Renowned printmaker exhibits at Penn College
A renowned printmaker whose multicolor intaglio prints are in museums around the world is sharing his work through Dec. 1 in The Gallery at Penn College.
Yuji Hiratsuka’s “Retro Urban Mode” exhibit showcases his whimsical and satirical images, crafted with his unique technique of chine collé with etching.
He will also offer an artist’s talk via Zoom at 6 p.m. Thursday, Nov. 9. Registration is required and can be made at the gallery website.
Hiratsuka’s printmaking method is specific to the artist because he uses one plate to print four colors instead of using one plate per color. Between each color, he sands all of the work off the plate and prepares the areas for the next color. The paper must dry for several days between each color printing, so each print takes roughly one month to complete. None of his work can be reproduced. His prints bear a slight resemblance to traditional Japanese ukiyo-e prints, which are frequently flat, bright and decorative.
“With continuous alterations to the copper plate, I print a sequence of black, yellow, red and blue, passing the same plate through the press for each design and color change,” Hiratsuka explained. “To start, the first tones to the plate are given with line etching, drypoint, aquatint, soft ground, photocopy transfer or roulette. I pull my first color. With these first impressions, I work back into the plate with a scraper, burnisher and emery paper to enhance the lights and accent the motif. I then go on to the second, third and fourth colors. Finally, the print is completed from the back with a relief process of woodcut or linocut to intensify shapes and/or colors. I print on the paper that best suits my work: a thin Japanese paper known as toyama kozo (mulberry).
“As in the French use of chine collé, I apply glue to the back of the kozo print and pass it through the press, with a heavier rag paper beneath. What the viewer sees is my four-color intaglio print saturated with subtle tones that come through the back of the toyama kozo paper, which is set deep into a rag paper.”
Combining his native Japanese culture with his current life in the U.S., Hiratsuka’s figures express contemporary aspects of the Western Hemisphere and are simplified or exaggerated, engaging with various elements such as flora, fauna, pop culture, anime, furniture and fashion. The artist employs a strong sense of humor and symbolism and is interested in expressing human moods and thoughts.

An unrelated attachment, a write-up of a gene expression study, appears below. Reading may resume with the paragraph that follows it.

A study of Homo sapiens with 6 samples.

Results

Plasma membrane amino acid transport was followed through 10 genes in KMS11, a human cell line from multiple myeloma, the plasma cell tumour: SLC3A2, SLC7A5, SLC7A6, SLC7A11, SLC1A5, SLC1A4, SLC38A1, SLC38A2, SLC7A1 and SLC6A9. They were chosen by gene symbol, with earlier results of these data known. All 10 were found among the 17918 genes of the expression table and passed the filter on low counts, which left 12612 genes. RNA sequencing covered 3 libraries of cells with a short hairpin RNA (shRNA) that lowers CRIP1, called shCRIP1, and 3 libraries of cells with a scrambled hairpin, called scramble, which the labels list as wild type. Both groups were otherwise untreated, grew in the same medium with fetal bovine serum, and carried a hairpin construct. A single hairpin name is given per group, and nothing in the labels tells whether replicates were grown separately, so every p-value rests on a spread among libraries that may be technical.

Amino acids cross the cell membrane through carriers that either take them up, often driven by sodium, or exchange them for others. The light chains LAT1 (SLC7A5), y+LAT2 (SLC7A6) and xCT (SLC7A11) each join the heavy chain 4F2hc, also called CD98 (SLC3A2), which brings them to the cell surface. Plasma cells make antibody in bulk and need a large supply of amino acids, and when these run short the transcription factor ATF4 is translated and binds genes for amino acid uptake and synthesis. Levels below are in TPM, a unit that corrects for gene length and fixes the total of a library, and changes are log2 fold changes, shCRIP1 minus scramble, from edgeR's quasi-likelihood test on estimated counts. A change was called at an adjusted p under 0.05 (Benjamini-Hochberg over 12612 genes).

Hiratsuka was born in Osaka, Japan. He earned a Bachelor of Science in art education from Tokyo Gakugei University, a Master of Arts in printmaking from New Mexico State University and a Master of Fine Arts in printmaking from Indiana University. He was a professor of art at Oregon State University for 30 years.
Hiratsuka has had numerous solo shows in the U.S. and various countries, including Italy, Japan, Russia, Canada, Northern Ireland and South Korea. His work is in numerous public collections including The British Museum; Tokyo Central Art Museum; Panstwowe Museum, Poland; The House of Humor and Satire, Bulgaria; Cincinnati Art Museum; Cleveland Museum of Art; Portland Art Museum; New York Public Library; The Library of Congress; and The Smithsonian’s National Museum of Asian Art.
Located on the third floor of The Madigan Library at Pennsylvania College of Technology, The Gallery at Penn College is open 2 to 8 p.m. Tuesdays, Wednesdays and Thursdays; 11 a.m. to 4 p.m. Fridays; and 1 to 5 p.m. Sundays. (The gallery is closed on Mondays and Saturdays and will be closed Nov. 22-26 for Thanksgiving.) Admission to the gallery is free and open to the public. Groups are welcome to contact the gallery director to schedule visits.
Celebrating its 18th season, The Gallery at Penn College is a cultural asset to the college and local communities, providing the opportunity for appreciation and exploration of contemporary art and encouraging critical thinking and meaningful experiences.